Wednesday, November 18, 2009

Flying With a Very Large Problem

At one time or another, we’ve all found ourselves on a long flight seated next to someone who could be described as “circumferencly challenged.” I once spent five hours sitting next to an overweight woman who extended far enough into my space that I was forced to eat my meager meal left-handed.

But THIS is ridiculous!

This photo -- now circulating on the Internet -- was apparently taken with a cell phone camera by an American Airlines flight attendant to convince a disbelieving gate agent that something had to be done about this behemoth. Apparently one look was enough and they relocated the poor guy in Seat E, giving Man Mountain Dean two seats to spread out in.

As a practical matter, how else would the flight attendants run their service carts up and down the aisles?

And let’s hope whoever was stuck in Seat F didn’t need to make a trip to the lavatory!

But there are other, more serious, considerations:

What would happen if – God forbid – there had been some kind of an emergency? Can you imagine a mad scramble to evacuate the plane with this guy part of the exodus?

Some airlines are requiring king-size folks to purchase two seats. That strikes me as absolutely fair and reasonable, although it doesn’t begin to deal with the safety issue.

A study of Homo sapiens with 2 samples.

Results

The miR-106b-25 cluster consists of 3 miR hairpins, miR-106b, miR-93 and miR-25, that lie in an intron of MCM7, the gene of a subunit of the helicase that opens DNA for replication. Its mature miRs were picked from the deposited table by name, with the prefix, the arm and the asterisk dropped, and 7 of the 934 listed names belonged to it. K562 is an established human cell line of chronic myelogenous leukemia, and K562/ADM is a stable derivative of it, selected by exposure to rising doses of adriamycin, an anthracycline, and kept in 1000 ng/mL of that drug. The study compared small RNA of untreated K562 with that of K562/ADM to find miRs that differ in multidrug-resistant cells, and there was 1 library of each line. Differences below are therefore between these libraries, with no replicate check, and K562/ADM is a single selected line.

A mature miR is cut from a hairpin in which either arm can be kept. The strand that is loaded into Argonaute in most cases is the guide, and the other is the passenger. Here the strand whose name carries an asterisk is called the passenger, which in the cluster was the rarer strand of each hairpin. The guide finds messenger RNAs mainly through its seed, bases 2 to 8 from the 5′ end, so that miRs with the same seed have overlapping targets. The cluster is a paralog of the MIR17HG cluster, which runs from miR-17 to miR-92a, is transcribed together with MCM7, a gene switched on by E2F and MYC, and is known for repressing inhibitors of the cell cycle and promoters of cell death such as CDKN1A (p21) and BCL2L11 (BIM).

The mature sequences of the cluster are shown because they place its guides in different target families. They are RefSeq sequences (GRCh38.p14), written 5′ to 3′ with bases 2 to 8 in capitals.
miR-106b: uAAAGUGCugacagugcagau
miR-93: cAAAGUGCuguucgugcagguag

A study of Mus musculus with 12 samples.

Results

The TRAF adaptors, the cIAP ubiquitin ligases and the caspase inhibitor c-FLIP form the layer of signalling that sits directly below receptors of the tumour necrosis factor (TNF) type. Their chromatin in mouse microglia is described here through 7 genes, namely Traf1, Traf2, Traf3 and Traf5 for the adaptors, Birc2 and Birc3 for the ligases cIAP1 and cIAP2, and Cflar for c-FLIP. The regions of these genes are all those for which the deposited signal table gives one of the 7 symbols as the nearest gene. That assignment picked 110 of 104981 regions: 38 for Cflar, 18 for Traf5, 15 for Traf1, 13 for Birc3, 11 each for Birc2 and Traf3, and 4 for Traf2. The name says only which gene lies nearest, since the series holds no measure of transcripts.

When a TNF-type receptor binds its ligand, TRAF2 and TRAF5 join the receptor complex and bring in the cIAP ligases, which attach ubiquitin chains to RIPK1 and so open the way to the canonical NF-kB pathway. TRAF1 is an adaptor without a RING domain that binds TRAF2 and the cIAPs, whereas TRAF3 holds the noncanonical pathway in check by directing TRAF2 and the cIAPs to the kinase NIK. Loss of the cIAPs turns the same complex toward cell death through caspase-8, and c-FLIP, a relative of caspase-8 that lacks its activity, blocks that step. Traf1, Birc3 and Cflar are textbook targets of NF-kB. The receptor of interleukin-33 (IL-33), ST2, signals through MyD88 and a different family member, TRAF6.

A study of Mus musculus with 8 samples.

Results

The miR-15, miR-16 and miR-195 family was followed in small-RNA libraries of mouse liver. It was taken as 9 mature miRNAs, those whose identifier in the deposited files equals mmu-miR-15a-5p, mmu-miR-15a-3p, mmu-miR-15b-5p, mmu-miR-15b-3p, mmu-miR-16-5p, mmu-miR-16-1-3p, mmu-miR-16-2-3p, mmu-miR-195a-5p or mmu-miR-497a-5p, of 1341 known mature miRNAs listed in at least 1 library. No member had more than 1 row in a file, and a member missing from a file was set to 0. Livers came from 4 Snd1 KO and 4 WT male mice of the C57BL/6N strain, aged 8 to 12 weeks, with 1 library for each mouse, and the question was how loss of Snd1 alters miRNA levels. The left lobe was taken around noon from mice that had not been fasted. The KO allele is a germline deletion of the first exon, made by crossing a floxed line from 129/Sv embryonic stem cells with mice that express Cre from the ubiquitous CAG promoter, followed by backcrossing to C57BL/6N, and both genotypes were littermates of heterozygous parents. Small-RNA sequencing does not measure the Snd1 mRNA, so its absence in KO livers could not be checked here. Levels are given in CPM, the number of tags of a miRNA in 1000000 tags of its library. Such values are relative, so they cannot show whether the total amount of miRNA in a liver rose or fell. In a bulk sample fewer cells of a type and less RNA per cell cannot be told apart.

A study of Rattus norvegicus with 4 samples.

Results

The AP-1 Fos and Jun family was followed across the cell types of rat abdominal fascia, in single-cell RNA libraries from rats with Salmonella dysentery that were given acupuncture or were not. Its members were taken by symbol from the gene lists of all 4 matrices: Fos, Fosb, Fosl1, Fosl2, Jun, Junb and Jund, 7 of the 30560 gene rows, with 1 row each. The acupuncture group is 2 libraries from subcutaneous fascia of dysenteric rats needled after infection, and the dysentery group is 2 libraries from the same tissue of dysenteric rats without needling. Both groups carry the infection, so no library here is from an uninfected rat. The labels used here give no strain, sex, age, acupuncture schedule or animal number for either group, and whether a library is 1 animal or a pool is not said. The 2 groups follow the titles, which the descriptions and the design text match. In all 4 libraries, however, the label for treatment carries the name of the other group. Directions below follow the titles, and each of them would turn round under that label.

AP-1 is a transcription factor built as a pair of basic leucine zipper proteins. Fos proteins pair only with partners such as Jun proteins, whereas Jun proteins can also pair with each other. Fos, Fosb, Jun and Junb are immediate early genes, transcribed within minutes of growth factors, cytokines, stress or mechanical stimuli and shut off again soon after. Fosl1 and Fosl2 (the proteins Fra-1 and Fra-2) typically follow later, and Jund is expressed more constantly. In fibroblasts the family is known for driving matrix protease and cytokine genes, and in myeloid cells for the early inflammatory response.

I suppose a case could be made for prohibiting someone this large from flying at all … or, barring that, assigning them to two seats in the very last row.

Of course, Amtrak could be a very good alternative. This guy couldn’t fit through the doorway of one of the bedrooms, but could ride quite comfortably in two coach seats.

Or the baggage car.


Cody Cook said...

Your words on this gentleman were a bit harsh. It is really hard to judge a person you do not know and make such comments about them.

JIM LOOMIS said...

I have nothing against this man personally. But, at the very least, his sheer size inconveniences and causes discomfort to people around him. Furthermore, there is the potential for real danger to many others. That is not acceptable and the airlines have an obligation to remedy these kinds of problems.

Virtual Vivian said...

The traveller also has the duty to be honest about his size when booking the ticket. There are safety issues at play here!

VIA Rail offers certain travellers the possibility of purchasing a second seat at a reduced price:

It's the only responsible thing to do.

JIM LOOMIS said...

Thanks for that, Vivian. I've found VIA to have some enlightened policies and that clearly is one. I am also appreciative of the fact that when disabled passengers must travel with a companion to provide special assistance, VIA charges no fare for the companion.